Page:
Once home to Charlie Chaplin, now a trove of movie memorabilia, the Cinema Museum is a gem under threat. Take a trip to London’s best-loved silver-screen shrine

Andy Parsons
By Phil de Semlyen |

Connor Swindells as Adam Watson in ‘VS.’

This Victorian building stores much happier memories now, along with an absolute trove of memorabilia from cinema’s glory days of the ’30, ’40s and ’50s, when people would go to the pictures three or four times a week. It draws 15,000 visitors a year from as far away as South America and India. In May, it won a Time Out Love London award, pipping the Tate Modern to claim the city’s Most Loved Local Culture Spot. ‘People fall in love with the place,’ co-founder Martin Humphries tells me as the tunes of ’30s crooner Al Bowlly drift atmospherically from the Tannoy. ‘I’ve never been to another museum [like it].’ Regular screenings of old movies make it a haven for cinephiles.

Connor Swindells as Adam Watson in ‘VS.’

Even if your taste is more popcorn blockbusters and fancy multiplexes, it’s impossible not to be seduced by a place this evocative of a bygone age. There’s old posters of Edward G Robinson gangster flicks on the wall, vintage ushers’ uniforms on display and huge cinema projectors dotted around, the oldest of which dates all the way back to 1910. When Humphries and museum co-founder Ronald Grant, once a projectionist himself, first set it up in 1984, it was in Brixton. When they moved here in 1998, it was a hospital out-building filled with Zimmer frames. The walking aids are gone and the collection has swelled and swelled. ‘We can’t say no,’ says Humphries. ‘We once got a call from someone who said they were standing next to a skip full of Bollywood posters. They’re now in our collection.’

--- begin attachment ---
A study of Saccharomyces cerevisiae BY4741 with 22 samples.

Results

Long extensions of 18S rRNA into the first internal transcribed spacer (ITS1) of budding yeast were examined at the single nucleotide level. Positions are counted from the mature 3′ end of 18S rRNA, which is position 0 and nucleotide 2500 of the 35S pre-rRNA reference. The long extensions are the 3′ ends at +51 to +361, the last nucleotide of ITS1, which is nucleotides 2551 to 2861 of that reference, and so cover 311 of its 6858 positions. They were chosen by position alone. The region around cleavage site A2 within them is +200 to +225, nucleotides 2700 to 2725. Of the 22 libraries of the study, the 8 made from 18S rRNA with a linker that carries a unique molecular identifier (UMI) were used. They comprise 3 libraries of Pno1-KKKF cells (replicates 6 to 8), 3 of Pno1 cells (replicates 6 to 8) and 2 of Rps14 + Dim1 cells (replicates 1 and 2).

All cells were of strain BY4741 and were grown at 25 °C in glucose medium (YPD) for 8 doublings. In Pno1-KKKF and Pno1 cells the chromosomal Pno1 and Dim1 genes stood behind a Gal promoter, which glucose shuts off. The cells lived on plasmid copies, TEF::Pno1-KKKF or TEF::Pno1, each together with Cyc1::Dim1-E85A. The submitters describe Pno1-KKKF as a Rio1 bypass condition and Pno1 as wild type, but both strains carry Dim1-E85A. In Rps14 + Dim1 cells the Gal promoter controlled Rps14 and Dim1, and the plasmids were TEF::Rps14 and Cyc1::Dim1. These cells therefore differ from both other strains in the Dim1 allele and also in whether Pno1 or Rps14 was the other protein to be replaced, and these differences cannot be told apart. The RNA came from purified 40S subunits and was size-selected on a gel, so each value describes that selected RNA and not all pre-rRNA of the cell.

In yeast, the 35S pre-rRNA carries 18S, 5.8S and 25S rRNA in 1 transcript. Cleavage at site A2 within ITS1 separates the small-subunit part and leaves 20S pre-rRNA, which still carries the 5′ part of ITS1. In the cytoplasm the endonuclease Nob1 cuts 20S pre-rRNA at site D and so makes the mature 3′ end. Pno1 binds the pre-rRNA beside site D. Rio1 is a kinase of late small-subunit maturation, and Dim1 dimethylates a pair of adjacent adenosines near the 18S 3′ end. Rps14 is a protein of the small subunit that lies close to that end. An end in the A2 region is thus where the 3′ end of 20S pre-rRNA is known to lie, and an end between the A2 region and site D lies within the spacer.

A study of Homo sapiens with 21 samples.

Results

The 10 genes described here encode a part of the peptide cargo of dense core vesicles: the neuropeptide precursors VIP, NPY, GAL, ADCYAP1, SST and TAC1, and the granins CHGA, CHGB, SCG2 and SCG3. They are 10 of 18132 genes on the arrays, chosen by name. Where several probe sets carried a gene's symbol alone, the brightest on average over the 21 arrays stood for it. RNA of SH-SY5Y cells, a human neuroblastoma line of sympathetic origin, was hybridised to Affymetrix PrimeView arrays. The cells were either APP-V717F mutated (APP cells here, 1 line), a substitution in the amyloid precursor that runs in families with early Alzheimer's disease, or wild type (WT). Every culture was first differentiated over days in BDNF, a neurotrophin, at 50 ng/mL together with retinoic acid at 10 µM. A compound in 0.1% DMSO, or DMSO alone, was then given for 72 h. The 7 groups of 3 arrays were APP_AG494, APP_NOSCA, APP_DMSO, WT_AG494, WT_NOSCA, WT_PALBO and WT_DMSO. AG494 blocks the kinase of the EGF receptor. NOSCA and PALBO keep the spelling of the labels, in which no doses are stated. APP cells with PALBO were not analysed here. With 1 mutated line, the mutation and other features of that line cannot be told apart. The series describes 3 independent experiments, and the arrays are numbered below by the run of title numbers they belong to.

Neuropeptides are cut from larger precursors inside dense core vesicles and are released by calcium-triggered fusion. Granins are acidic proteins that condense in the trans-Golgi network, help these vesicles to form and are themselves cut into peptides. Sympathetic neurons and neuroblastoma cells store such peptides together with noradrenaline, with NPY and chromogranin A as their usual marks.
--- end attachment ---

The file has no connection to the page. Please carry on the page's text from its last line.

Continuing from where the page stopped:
Connor Swindells as Adam Watson in ‘VS.’

Like a pair of movie-loving Wombles, they scavenged in old picture palaces during the pre-multiplex 1970s when high-street cinemas were struggling to stay afloat. ‘Cinemas were being demolished but we discovered that if you gave the demolition men beer money, they’d let you in for an hour or so.’ Those five years spent rescuing velvet cinema seats, projectors, admission boards, carpets and art deco goodies yielded a collection that’s since been added to with 75,000 posters, thousands of books and more than a million film stills. Oh, and four crates of Charlton Heston clobber. ‘We were given them by an obsessive fan,’ laughs Humphries.

‘People come here and fall in love with the museum’

But there’s a cloud on the horizon. In May, the building, once owned by an NHS trust, was bought by property developer Anthology. The threat of closure to make room for apartments is very real. Without a long-term lease (the current deal expires in 2020), the museum relies on the goodwill of volunteers and high-profile supporters (Simon Callow and Terry Gilliam among them). An online petition to save the museum has reached nearly 50,000 signatures.

Connor Swindells as Adam Watson in ‘VS.’

So far, Anthology is making all the right noises about preserving this London gem in its quirky, kaleidoscopic home. ‘We recognise that this space is highly regarded by the local community,’ says executive director Adam Gaymer. ‘Heritage always remains central to our projects.’ 

While nothing is in writing yet, Humphries is optimistic about the museum’s future. ‘I can’t see there being somewhere else to recreate it, but my gut feeling is we’re going to be here for ever.’ The city’s cinema culture would be a whole lot poorer without it. Hill Valley had its clock tower; London has the Cinema Museum. Head to Kennington, step back in time and help save it. 

Visit www.cinemamuseum.org.uk to sign the petition, for film screening times or to book a visit. Tours cost £10, £7 concs.